Operation Hardrock established St Kilda as an early warning radar outpost during the Cold War, and led to the building of a rocket tracking station on Hirta, which gradually evolved into an MoD Base for the South Uist Missile Range. Construction of the original installation was carried out by the RAF (5004 Airfield Construction Squadron), at the time home based at RAF Wellesbourne Mountford, Warwickshire), for the British Army over the two summers of 1957 and 1958, with over-wintering there by a skeleton RAF force. The Army provided sea transport to and from St Kilda, using ageing LCT (Landing Craft Tank) based at Marchwood, Southampton Water (a very long distance by sea). At the time, 76 Coy (LCT) RASC (which provided crews for the LCTs) was based at Southsea Castle, Portsmouth, and operated from the military port of Cairnryan on Loch Ryan. Transport operations only took place during the spring and summer as the LCTs had been de-mothballed after being laid up at the end of World War II, and their design was not suitable for use during the adverse sea conditions which could arise during autumn and winter.
- L4002 - AGHEILA
- L4041 ABBEVILLE
- L4061 AUDEMER
- L4062 AACHEN
- L4097 ANDALSNES
- L4128 AREZZO
- L4164 ARAKAN
- L4086 ARROMANCHES (Joined fleet in Sept 1958)
In order to cause minimal disturbance to the village and surrounding area, the base was established on glebe land - agricultural land in the control of the church - but this reasoning conflicted with the original construction plan, which called for demolition of the abandoned village to provide stone for road building. This plan was successfully opposed by representatives of The Nature Conservancy and the NTS (National Trust for Scotland) in 1957, and the village was saved. Instead, stone was obtained from a new quarry established in the area above Village Bay.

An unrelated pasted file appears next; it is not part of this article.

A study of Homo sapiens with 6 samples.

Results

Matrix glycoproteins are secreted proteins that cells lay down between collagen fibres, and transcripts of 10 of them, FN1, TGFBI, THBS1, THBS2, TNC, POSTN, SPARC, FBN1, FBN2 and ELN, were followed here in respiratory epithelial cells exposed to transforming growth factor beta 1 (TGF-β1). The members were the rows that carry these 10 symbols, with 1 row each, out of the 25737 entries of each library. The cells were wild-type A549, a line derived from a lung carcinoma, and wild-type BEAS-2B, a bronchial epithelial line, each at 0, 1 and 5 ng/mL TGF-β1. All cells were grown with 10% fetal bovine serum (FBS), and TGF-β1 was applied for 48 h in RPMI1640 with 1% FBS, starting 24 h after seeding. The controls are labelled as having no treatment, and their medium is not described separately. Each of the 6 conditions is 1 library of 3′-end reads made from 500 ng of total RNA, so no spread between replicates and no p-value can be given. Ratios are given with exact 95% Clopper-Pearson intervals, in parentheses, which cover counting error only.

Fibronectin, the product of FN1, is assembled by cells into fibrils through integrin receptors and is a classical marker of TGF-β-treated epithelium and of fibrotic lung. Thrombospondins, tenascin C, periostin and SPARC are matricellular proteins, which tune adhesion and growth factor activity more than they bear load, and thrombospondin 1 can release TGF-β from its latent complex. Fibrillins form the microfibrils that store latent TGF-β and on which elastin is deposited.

Since then, the MoD and the NTS have cooperated to make provision for the ending of the MoD lease. Where possible, all or part of the installation will be removed, with detailed recording being carried out of all features. Until then, the two are working together to remove redundant structures from the area, and minimise the visual impact of the remainder. Outwith the actual base itself, the major elements of the installation comprise:
- Road Single-track concrete road leading from the military base to the radar stations on top of Mullach Sgar and Mullach Mor.
- Helicopter and landing craft landing place Large concreted area near the beach.
- Fuel tanks Near the beach and partly concealed.
- Water tank The main freshwater reservoir for the island, painted green to blend in with its surrounding, but due to be removed and relocated underground.
- Radar masts and associated buildings Built on the barren hilltops of Mullach Sgar and Mullach Mor, where vegetation would be very slow to recolonise bare areas.
- Gabion baskets Coastal defences which result in erosion at their edges, and may lead to significant collapse if removed.
- Ablutions block Adjacent to the Factors House, and provides shower, washing and toilet facilities for work parties, visitors and campers. One of the last remaining structures from the early phase of the military base.
- Quarry Beside the road, half-way up the hill, it has potential for land fill but would be very difficult to fully reinstate.
- Operation Hardrock reference Dead link 2016
- Brief History of British Army Landing Craft by Colonel John Fidler Retrieved 27 February, 2016.